LP (Item 532108) Prestige, 1949/1950 — Condition: Near Mint-
2LP Gatefold
The earliest days of a legendary jazz label – some of the first 78rpm material recorded by Prestige Records, all of it pretty darn great! The first half of the set features work by the group of tenorist Don Lanphere – a great player we don't really know at all, but one who's got Fats Navarro blowing trumpet on most of the tracks on the set! Piano is by Duke Jordan on the first two tracks, and Al Haig on all the rest – and titles include "Spider's Web", "Strike Up The Band", "Wailing Wall", "Go", "Stop", and "Infatuation". Next are some rare sides from saxophonist Leo Parker – playing alto here in addition to his usual baritone – in a group with Al Haig on piano, Oscar Pettiford on bass, and Max Roach on drums – on tunes that include "Mad Lad Returns", "Who's Mad", "Mona Lisa", "Darn That Dream", and "I Cross My Fingers". Last are some sweet bop sides from a trio with Al Haig on piano, Tommy Potter on bass, and Roy Haynes on drums – on the titles "Liza", "Stars Fell On Alabama", "Opus Caprice", and "Stairway To The Stars".  © 1996-2023, Dusty Groove, Inc.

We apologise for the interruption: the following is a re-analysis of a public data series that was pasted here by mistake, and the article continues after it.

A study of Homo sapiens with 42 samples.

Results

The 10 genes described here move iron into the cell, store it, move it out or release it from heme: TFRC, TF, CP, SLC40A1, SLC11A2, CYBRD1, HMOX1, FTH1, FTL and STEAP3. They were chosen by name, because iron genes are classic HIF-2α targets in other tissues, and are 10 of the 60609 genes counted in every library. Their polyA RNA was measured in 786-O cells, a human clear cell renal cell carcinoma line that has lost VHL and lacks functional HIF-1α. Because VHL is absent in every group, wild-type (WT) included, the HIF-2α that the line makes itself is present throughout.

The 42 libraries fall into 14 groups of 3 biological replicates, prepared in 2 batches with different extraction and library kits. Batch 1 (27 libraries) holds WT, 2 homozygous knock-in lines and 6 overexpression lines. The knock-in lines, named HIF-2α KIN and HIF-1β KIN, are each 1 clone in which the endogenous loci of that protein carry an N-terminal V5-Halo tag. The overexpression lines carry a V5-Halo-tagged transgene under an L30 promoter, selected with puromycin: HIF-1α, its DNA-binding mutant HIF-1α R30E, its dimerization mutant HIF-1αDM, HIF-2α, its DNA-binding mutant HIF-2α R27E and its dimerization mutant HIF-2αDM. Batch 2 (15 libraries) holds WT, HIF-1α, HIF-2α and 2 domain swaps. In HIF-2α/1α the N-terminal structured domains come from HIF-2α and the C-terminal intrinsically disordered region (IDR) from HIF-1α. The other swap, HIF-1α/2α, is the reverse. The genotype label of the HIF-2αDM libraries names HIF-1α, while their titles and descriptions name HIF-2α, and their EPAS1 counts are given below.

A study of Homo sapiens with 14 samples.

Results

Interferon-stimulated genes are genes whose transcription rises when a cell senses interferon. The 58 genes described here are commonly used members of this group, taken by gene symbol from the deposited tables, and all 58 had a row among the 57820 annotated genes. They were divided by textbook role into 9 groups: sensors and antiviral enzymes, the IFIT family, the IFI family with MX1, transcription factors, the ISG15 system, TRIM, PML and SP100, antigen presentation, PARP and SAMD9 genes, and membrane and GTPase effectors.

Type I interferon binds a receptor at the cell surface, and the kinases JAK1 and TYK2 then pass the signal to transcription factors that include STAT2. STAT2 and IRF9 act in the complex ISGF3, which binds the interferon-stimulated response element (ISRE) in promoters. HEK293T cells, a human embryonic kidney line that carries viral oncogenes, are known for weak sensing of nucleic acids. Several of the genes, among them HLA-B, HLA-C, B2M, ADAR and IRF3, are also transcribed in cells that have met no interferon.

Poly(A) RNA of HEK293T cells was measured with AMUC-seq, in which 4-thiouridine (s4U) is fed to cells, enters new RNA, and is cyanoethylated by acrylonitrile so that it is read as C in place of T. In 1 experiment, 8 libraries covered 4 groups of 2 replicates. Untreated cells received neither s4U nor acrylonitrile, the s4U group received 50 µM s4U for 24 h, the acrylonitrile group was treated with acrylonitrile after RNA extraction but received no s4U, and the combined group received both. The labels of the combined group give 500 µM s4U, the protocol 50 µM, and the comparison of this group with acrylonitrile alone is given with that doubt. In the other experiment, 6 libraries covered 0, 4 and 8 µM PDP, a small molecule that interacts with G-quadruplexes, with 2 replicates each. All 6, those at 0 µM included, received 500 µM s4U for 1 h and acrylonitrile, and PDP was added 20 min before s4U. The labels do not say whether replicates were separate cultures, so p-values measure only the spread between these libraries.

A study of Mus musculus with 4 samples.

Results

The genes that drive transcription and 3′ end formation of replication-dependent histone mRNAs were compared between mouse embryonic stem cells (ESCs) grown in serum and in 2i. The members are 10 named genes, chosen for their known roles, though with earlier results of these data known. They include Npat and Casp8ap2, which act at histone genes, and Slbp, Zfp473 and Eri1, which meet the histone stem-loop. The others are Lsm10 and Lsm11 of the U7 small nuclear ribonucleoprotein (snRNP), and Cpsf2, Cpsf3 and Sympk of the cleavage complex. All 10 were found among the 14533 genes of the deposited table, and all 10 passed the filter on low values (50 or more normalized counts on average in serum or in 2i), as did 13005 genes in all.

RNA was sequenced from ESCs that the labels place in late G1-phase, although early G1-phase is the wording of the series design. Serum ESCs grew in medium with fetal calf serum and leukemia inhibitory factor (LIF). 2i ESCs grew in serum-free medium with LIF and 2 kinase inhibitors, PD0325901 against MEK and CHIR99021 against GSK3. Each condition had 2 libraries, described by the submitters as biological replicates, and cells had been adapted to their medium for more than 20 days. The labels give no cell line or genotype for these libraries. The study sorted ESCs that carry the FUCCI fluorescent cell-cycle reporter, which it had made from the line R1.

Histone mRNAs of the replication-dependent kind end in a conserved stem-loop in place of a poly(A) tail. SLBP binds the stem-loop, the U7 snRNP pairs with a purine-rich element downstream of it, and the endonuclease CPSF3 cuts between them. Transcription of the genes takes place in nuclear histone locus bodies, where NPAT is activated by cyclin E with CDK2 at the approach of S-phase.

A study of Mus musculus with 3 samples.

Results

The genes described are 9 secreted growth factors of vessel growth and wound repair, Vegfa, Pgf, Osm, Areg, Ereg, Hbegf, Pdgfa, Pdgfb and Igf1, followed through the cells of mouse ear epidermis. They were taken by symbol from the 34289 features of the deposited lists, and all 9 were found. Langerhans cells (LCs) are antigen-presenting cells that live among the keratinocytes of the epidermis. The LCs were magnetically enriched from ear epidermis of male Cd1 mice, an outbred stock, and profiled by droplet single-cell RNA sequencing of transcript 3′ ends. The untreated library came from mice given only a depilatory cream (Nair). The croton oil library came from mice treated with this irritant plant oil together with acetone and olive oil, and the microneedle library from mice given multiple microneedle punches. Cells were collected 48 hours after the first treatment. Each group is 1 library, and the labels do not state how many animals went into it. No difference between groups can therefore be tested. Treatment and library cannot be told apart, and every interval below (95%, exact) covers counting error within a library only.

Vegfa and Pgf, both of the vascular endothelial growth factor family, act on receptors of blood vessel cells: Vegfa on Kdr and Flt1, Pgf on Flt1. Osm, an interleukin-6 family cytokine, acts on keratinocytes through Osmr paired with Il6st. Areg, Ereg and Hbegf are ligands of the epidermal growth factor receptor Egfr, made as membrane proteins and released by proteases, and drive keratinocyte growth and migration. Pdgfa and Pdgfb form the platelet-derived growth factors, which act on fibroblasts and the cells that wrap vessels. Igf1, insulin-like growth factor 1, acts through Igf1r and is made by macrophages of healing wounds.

(Cover has light wear.)

Near Mint - (minus)

  • Black vinyl that may show a slight amount of dust or dirt.
  • Should still be very shiny under a light, even with slight amount of dust on surface.
  • One or two small marks that would make an otherwise near perfect record slightly less so. These marks cannot be too deep, and should only be surface marks that won't affect play, but might detract from the looks.
  • May have some flaws and discoloration in the vinyl, but only those that would be intrinsic to the pressing. These should disappear when the record is tilted under the light, and will only show up when looking straight at the record. (Buddah and ABC pressings from the 70's are a good example of this.)
  • May have some slight marks from aging of the paper sleeve on the vinyl.
  • Possible minor surface noise when played.

Additional Marks & Notes

If something is noteworthy, we try to note it in the comments — especially if it is an oddity that is the only wrong thing about the record. This might include, but isn't limited to, warped records, tracks that skip, cover damage or wear as noted above, or strictly cosmetic flaws.